Oklahoma Department of Human Services Commissioner Jay Dee Chase, 82, of Norman, died Sunday following a short struggle with pneumonia, family members said.
Chase was appointed to the commission by Gov. Brad Henry in February 2007 and was one of the most outspoken commissioners.
“We were very saddened to hear of Jay Dee's passing,” said Preston Doerflinger, interim director for the Oklahoma Department of Human Services. “In the short time I have worked with Jay Dee, I found him to be passionate about human services and willing to fight for the issues important to him. The employees of this agency had no better advocate. He was not only a dedicated member of our commission but he was a decorated war veteran who served our country in combat and during the Cold War.”
Fellow Commissioners Aneta Wilkinson and Richard DeVaughn remembered their friend with fondness.
“It has been a pleasure to serve on the commission with Jay Dee these past few years,” Wilkinson said. “We became such good friends and I will miss him greatly. Jay Dee was dedicated to this agency and the people we serve. He has been criticized recently for being outspoken over issues but his heart was always in the right place.”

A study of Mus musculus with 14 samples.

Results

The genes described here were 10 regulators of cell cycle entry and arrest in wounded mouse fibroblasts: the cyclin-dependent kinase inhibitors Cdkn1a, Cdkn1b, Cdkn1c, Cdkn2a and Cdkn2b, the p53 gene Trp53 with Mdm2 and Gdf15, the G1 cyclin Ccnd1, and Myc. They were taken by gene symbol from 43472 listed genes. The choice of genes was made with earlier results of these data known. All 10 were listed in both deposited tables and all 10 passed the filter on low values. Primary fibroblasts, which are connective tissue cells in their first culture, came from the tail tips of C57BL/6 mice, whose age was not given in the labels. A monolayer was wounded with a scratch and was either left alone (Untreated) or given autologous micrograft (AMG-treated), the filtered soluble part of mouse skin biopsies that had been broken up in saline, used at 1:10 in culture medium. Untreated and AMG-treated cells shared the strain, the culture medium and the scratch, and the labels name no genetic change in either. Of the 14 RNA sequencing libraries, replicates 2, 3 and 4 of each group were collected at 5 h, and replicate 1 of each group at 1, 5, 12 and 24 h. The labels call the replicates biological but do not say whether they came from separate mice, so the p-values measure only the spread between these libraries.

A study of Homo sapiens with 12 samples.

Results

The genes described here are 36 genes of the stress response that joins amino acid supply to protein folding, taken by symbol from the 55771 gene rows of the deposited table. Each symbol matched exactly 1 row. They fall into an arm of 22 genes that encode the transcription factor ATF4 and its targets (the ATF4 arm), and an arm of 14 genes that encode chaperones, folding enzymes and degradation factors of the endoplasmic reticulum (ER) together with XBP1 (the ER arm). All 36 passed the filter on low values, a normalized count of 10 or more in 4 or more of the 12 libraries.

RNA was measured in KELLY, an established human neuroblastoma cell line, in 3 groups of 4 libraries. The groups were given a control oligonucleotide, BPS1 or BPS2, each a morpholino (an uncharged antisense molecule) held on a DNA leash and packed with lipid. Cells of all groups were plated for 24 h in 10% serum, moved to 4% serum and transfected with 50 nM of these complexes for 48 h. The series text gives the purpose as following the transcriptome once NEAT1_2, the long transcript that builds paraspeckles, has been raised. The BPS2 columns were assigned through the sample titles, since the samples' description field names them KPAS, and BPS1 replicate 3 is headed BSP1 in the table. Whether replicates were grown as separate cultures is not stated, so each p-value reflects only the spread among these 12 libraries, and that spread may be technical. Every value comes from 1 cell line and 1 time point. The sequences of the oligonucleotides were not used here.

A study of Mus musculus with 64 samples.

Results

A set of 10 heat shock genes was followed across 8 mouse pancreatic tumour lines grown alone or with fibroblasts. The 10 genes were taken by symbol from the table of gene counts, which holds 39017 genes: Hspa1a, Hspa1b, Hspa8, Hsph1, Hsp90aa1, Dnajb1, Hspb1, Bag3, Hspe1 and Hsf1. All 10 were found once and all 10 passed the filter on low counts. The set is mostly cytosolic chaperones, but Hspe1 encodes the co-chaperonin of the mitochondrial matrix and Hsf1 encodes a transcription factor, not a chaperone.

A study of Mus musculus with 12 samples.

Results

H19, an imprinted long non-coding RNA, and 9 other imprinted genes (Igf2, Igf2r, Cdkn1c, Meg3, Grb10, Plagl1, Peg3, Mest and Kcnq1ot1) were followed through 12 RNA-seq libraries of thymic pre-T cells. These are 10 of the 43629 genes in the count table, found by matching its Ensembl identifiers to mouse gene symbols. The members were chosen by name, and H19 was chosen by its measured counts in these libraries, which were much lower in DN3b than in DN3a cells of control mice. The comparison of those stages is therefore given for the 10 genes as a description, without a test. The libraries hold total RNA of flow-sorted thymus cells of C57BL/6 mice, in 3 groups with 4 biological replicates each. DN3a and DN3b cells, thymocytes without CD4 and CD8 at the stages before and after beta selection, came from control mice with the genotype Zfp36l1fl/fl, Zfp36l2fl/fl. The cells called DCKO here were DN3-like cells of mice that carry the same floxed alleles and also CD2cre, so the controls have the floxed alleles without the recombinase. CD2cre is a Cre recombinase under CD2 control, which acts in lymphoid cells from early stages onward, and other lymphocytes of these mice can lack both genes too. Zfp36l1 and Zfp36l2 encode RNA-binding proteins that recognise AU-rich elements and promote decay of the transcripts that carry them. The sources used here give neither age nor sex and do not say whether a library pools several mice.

“I know the state of Oklahoma and the country is losing a great American,” DeVaughn said. “Jay Dee served his country in Korea and was a great supporter of the University of Oklahoma. He was a gentleman to the tee and a great friend. He will be missed.”
Chase served with the U.S. Army in Korea from 1951 to 1953. He received a Bronze Star, a Silver Star, a Combat Infantryman Badge and 11 additional medals. In 2004, he was named 100 Percent Disabled American Veteran for Oklahoma. He received a Certificate of Recognition for his service during the Cold War (Sept. 2, 1945, through Dec. 26, 1991) from U.S. secretary of defense, Bill Cohen.
Chase was president of a pharmaceutical company from 1970 to 1984. He served two years on the Oklahoma Legislative Pharmaceutical Committee. He also has served on the boards of Arvest Bank, the Firehouse Art Center in Norman and the Arthritis Foundation.
He was an avid University of Oklahoma supporter and rarely missed a home football game. Chase is survived by his wife, Vickie, his daughter, DeAnn, and his son, Charles, whose nickname Bud is for legendary OU football coach Bud Wilkinson.
A remembrance for family members and close friends probably will be scheduled before the first OU football game this fall, a family member said.
Chase donated his body for organ sharing and anatomical research.